There’s a weird supernova that has scientists scratching their head, so here’s a video from Doodle Science that will give the basics of the life cycle of a star.
And here’s a longer video that goes in-depth on star formation, explosion, and all the different forms stars can take — in life and death.
Here’s a bit on the weird supernova from The Verge:
In September 2014, when astronomer Iair Arcavi found a new supernova in the night sky, he didn’t think much of it. It looked like any other star that had just died and violently burst apart. The object had brightened some time ago, and now it was fading — a sign that the explosive event was coming to an end. Since the juiciest part seemed to be over, Arcavi abandoned the star in search of supernovae that had exploded more recently.
But robotic telescopes continued to monitor the star over the next couple of months, just in case anything interesting happened. Then, in early 2015, Arcavi asked a student to look through telescope data to see if any of the stars they had found might be acting strange. Sure enough, that “ordinary” supernova wasn’t so normal anymore. It was getting brighter — almost as if it had exploded again. “We’ve never seen a supernova do that before,” Arcavi, an observational astronomer at UC Santa Barbara and Las Cumbres Observatory, tells The Verge.
This immediately intrigued Arcavi, so he and his team started monitoring the star every couple days with the Las Cumbres Observatory’s telescopes located all over the world. Over the next two years, their data unveiled just how strange the supernova was: it stayed bright for a lengthy 600 days, instead of the typical 100 days supernovae usually shine before finally going dark. During this time, the star repeatedly grew brighter and fainter up to five times. It was like it was erupting over and over again, as if the star just refused to die.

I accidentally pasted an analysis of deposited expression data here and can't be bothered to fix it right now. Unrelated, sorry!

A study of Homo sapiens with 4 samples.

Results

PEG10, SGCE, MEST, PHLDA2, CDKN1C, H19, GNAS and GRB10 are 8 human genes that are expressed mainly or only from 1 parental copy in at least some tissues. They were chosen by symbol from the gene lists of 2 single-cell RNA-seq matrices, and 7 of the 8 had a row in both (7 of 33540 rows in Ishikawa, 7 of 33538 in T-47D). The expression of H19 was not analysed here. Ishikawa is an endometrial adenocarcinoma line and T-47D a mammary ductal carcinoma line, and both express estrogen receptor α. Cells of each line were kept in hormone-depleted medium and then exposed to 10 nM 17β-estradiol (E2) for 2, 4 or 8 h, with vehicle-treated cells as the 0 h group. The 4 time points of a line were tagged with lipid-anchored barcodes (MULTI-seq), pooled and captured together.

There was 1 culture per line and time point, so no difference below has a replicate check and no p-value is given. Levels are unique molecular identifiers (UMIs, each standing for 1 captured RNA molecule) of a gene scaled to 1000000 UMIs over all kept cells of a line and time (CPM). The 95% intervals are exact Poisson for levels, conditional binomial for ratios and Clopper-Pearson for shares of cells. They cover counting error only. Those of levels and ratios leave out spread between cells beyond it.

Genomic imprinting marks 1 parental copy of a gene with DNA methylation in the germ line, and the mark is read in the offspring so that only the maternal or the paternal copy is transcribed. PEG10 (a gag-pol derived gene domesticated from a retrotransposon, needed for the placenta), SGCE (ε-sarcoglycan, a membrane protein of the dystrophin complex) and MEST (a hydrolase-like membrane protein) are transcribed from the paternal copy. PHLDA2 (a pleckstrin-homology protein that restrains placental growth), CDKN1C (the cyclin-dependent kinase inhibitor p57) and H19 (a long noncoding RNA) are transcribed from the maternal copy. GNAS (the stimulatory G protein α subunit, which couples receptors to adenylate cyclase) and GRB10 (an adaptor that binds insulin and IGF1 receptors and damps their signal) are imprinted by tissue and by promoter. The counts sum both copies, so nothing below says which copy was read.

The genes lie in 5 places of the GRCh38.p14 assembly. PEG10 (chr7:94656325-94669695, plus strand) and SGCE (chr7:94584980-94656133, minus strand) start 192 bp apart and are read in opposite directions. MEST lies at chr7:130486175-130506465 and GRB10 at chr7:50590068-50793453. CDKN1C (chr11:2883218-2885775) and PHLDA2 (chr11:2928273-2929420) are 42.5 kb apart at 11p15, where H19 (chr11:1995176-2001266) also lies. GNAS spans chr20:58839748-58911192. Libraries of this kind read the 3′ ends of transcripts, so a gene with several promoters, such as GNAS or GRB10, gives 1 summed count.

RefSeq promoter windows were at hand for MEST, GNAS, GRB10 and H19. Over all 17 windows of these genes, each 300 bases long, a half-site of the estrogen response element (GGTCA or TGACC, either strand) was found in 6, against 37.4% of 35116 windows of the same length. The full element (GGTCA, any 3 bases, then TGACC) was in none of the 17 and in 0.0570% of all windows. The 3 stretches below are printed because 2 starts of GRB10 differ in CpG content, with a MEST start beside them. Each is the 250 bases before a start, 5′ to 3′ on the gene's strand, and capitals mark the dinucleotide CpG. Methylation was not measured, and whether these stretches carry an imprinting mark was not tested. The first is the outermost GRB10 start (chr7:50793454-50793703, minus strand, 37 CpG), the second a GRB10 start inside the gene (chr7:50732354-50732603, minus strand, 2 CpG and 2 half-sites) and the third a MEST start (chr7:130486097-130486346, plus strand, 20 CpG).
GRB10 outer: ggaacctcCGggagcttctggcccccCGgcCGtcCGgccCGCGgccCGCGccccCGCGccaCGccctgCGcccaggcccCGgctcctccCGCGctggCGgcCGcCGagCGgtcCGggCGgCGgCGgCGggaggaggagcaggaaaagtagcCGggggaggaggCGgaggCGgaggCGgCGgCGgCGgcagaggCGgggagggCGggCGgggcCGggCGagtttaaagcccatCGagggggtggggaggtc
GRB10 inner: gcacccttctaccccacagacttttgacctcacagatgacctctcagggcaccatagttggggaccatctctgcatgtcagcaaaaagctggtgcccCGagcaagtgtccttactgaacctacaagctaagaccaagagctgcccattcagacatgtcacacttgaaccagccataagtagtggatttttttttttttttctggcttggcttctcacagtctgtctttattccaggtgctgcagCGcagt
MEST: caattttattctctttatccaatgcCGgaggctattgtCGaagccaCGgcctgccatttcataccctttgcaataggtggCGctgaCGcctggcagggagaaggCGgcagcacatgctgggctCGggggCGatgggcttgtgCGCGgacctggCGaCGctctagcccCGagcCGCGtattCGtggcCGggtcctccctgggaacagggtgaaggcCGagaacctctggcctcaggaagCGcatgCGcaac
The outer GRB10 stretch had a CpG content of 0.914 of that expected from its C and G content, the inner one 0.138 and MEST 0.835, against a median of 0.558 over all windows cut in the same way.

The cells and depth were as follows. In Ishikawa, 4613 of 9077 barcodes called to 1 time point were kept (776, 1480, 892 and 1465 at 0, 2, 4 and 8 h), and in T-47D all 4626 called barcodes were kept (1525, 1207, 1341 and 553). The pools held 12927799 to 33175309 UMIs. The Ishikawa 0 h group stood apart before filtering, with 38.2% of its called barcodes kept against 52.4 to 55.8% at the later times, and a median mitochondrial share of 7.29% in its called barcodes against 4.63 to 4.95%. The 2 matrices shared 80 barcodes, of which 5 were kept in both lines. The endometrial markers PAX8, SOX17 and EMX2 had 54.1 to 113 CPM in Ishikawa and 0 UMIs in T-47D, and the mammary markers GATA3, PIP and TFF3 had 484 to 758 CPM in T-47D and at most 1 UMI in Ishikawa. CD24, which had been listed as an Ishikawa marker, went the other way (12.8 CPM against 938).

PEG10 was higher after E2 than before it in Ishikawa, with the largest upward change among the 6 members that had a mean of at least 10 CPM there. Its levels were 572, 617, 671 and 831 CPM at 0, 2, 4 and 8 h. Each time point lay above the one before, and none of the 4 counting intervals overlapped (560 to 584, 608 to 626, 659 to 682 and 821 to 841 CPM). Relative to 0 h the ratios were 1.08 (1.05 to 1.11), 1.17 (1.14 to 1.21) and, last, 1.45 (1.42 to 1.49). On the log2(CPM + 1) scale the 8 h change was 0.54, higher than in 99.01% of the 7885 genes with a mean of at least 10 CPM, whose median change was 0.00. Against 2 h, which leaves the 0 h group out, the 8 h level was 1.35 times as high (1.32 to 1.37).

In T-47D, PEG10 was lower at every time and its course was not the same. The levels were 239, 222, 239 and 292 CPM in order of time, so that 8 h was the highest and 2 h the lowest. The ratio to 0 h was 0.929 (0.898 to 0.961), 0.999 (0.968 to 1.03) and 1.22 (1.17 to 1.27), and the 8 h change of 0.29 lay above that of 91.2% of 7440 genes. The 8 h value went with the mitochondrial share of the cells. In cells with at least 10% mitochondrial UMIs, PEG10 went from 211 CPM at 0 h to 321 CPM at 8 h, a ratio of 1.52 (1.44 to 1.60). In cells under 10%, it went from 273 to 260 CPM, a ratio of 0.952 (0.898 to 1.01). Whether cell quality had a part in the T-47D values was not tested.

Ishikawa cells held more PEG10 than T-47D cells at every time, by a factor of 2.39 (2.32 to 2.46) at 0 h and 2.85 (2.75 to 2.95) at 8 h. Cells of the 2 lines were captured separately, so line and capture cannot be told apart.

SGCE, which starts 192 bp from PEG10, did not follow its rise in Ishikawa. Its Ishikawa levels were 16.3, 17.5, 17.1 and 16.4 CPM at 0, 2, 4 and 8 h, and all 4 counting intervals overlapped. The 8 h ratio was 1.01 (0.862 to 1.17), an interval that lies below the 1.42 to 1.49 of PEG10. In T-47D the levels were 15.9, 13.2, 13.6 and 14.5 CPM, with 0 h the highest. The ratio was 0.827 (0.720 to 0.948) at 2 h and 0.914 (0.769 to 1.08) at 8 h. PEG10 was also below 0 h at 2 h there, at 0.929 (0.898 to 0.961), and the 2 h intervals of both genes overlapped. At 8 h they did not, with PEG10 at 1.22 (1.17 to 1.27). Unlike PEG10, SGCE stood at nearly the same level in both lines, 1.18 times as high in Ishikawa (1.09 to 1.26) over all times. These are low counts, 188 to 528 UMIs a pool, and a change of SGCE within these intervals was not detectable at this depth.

This supernova, detailed today in the journal Nature, is unlike anything ever observed before. Now, scientists are scrambling to figure out what may have caused the strange fluctuations they saw. The leading idea is that this may have been something of an imposter — an event that looks like a supernova, but doesn’t ultimately lead to the destruction of a star. But even the best theories don’t quite match what astronomers observed, so the origins of this supernova still remain something of a mystery. “No existing model or theory of supernovae fully explains what we see here,” says Arcavi.
Adafruit publishes a wide range of writing and video content, including interviews and reporting on the maker market and the wider technology world. Our standards page is intended as a guide to best practices that Adafruit uses, as well as an outline of the ethical standards Adafruit aspires to. While Adafruit is not an independent journalistic institution, Adafruit strives to be a fair, informative, and positive voice within the community – check it out here: adafruit.com/editorialstandards
Stop breadboarding and soldering – start making immediately! Adafruit’s Circuit Playground is jam-packed with LEDs, sensors, buttons, alligator clip pads and more. Build projects with Circuit Playground in a few minutes with the drag-and-drop MakeCode programming site, learn computer science using the CS Discoveries class on code.org, jump into CircuitPython to learn Python and hardware together, TinyGO, or even use the Arduino IDE. Circuit Playground Express is the newest and best Circuit Playground board, with support for CircuitPython, MakeCode, and Arduino. It has a powerful processor, 10 NeoPixels, mini speaker, InfraRed receive and transmit, two buttons, a switch, 14 alligator clip pads, and lots of sensors: capacitive touch, IR proximity, temperature, light, motion and sound. A whole wide world of electronics and coding is waiting for you, and it fits in the palm of your hand.
Have an amazing project to share? The Electronics Show and Tell is every Wednesday at 7pm ET! To join, head over to YouTube and check out the show’s live chat – we’ll post the link there.